A food pantry run by a Buddhist temple in New York City has become a lifeline for Nepalese college students living thousands of miles from their families during the pandemic.
Some were forced by lockdowns to leave dorms where previously they got most of their meals.
They do not qualify for federal stimulus cheques, and their student visas generally do not allow them to work full-time or off-campus to support themselves.
And there is often little help from home, with families in their heavily tourism-dependent country struggling this past year.
To help them cope, the United Sherpa Association launched a programme last April as coronavirus was ravaging the borough of Queens.
Earlier, on the pavement outside, people with face masks, shopping baskets and reusable bags stood in a socially distanced line stretching two city blocks, waiting to collect badly needed rice, fruit and vegetables to get them through hard times due to the pandemic.
“It’s really a big help because you get all fresh, organic,” said Jyoti Rajbanshi, a Nepalese nursing student at Long Island University who has lost work and resorted to running up her credit cards and relying on the weekly pantry. “And then at least you don’t have to spend some money on buying the groceries.”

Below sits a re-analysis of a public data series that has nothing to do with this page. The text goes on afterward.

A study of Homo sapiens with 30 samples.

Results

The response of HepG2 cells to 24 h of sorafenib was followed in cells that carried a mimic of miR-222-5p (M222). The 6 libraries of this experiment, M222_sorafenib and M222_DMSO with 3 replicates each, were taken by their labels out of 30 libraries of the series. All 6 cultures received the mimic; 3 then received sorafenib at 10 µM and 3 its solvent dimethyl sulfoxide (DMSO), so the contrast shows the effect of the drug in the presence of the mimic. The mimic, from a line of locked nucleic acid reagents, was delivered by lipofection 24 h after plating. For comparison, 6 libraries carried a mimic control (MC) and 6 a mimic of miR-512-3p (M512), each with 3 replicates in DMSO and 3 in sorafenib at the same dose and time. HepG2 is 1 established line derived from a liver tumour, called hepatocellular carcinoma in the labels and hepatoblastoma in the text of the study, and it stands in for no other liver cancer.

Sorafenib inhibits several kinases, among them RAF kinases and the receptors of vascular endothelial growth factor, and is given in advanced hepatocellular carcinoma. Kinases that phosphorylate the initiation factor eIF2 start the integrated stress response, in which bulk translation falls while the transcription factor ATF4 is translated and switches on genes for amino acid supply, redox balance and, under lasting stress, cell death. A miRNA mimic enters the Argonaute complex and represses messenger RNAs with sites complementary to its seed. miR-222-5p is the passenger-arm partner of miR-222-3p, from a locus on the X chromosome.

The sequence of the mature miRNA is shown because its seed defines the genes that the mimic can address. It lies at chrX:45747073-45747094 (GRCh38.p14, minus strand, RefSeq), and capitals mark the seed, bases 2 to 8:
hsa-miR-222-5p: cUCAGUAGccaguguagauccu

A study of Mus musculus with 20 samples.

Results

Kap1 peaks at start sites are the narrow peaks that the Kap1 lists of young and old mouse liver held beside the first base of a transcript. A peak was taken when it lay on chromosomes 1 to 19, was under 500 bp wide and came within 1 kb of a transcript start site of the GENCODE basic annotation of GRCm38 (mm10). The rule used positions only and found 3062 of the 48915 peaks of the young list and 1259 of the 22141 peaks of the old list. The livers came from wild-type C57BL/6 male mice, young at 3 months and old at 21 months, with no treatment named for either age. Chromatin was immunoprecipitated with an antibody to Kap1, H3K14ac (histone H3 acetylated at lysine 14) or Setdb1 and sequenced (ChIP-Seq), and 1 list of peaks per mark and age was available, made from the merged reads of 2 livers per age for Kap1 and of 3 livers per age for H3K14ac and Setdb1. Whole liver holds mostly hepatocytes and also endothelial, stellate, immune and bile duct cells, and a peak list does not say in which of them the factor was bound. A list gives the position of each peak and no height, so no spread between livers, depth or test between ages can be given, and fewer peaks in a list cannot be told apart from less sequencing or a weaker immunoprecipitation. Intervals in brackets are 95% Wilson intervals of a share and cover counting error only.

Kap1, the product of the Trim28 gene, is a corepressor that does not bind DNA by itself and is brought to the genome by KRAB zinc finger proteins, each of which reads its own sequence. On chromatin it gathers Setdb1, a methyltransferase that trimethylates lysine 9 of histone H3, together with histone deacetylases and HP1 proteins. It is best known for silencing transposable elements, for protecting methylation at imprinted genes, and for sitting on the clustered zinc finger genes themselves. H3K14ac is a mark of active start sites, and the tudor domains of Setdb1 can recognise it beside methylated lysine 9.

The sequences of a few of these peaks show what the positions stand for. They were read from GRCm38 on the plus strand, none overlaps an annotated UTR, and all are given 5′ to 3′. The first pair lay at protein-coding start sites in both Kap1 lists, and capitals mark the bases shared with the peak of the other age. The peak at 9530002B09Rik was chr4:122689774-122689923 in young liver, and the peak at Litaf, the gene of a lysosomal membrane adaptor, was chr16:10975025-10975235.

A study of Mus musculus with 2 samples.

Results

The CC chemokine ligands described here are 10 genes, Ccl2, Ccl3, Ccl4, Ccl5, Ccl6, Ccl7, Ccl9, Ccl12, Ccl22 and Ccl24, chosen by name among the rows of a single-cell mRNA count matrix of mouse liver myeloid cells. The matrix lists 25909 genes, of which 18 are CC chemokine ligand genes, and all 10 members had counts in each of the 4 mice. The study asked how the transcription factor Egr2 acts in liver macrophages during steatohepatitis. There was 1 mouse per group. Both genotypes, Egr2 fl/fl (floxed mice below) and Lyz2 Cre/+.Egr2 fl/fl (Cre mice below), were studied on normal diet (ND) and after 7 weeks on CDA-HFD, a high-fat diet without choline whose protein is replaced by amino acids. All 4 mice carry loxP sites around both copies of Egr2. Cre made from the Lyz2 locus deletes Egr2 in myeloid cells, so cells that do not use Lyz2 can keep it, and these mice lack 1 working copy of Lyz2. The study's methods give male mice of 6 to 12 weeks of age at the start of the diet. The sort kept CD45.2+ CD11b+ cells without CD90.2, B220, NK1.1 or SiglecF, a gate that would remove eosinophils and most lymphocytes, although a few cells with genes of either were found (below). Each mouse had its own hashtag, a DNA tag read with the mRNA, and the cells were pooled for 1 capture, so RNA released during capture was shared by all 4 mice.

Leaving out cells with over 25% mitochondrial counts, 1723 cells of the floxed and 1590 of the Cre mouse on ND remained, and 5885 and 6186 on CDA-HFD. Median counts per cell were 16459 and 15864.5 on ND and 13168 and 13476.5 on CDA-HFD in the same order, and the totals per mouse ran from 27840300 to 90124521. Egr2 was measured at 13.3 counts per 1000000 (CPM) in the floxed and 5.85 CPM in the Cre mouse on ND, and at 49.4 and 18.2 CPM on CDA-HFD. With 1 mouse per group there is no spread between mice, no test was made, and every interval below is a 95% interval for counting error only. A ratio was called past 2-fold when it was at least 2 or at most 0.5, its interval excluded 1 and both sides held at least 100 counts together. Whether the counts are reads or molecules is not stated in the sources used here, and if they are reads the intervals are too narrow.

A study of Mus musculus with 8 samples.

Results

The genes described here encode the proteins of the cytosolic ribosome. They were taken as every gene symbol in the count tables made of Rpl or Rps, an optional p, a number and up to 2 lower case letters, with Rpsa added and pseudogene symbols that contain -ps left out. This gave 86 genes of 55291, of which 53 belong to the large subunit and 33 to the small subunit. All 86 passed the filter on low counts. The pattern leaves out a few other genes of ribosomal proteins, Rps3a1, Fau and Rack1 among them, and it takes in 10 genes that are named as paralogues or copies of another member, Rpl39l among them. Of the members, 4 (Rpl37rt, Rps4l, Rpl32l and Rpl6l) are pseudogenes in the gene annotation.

The Buddhist temple and community centre serves all people, including immigrants living in the country without legal permission and the swollen ranks of the unemployed, but it has become a particularly important lifeline for Nepalese college students.
“They don’t have unemployment insurance. They don’t have homes here. They are far away from home,” said Urgen Sherpa, the association’s president, who calls the students it helps “unknown victims” of the coronavirus crisis.
Early on in the pandemic, residents of the immigrant-rich Jackson Heights, Elmhurst and Corona neighbourhoods of Queens were hit hard and tested positive for the virus in greater numbers than in other parts of the city. The United Sherpa Association closed its temple and cancelled its sports programmes, cultural activities and Sherpa and Nepali language classes.
It also sprang into action to help those who were struggling, with members calling contacts across the world to import masks, gloves and hand sanitiser that were often out of stock at local stores.
When the pantry launched, word spread through social media and students volunteered to pick up food and distribute it every Friday outside the temple, housed in a former Christian church.
Some of the volunteers are beneficiaries themselves, such as Tshering Chhoki Sherpa, a 26-year-old graduate student at Baruch College who started working there in July.
“It feels good being a part of it,” she said, “and also getting help.”
Beyond mere sustenance, the pantry also comforts the spirit, she said: “When I come here I feel like I’m back home, because everyone talks in Nepali.”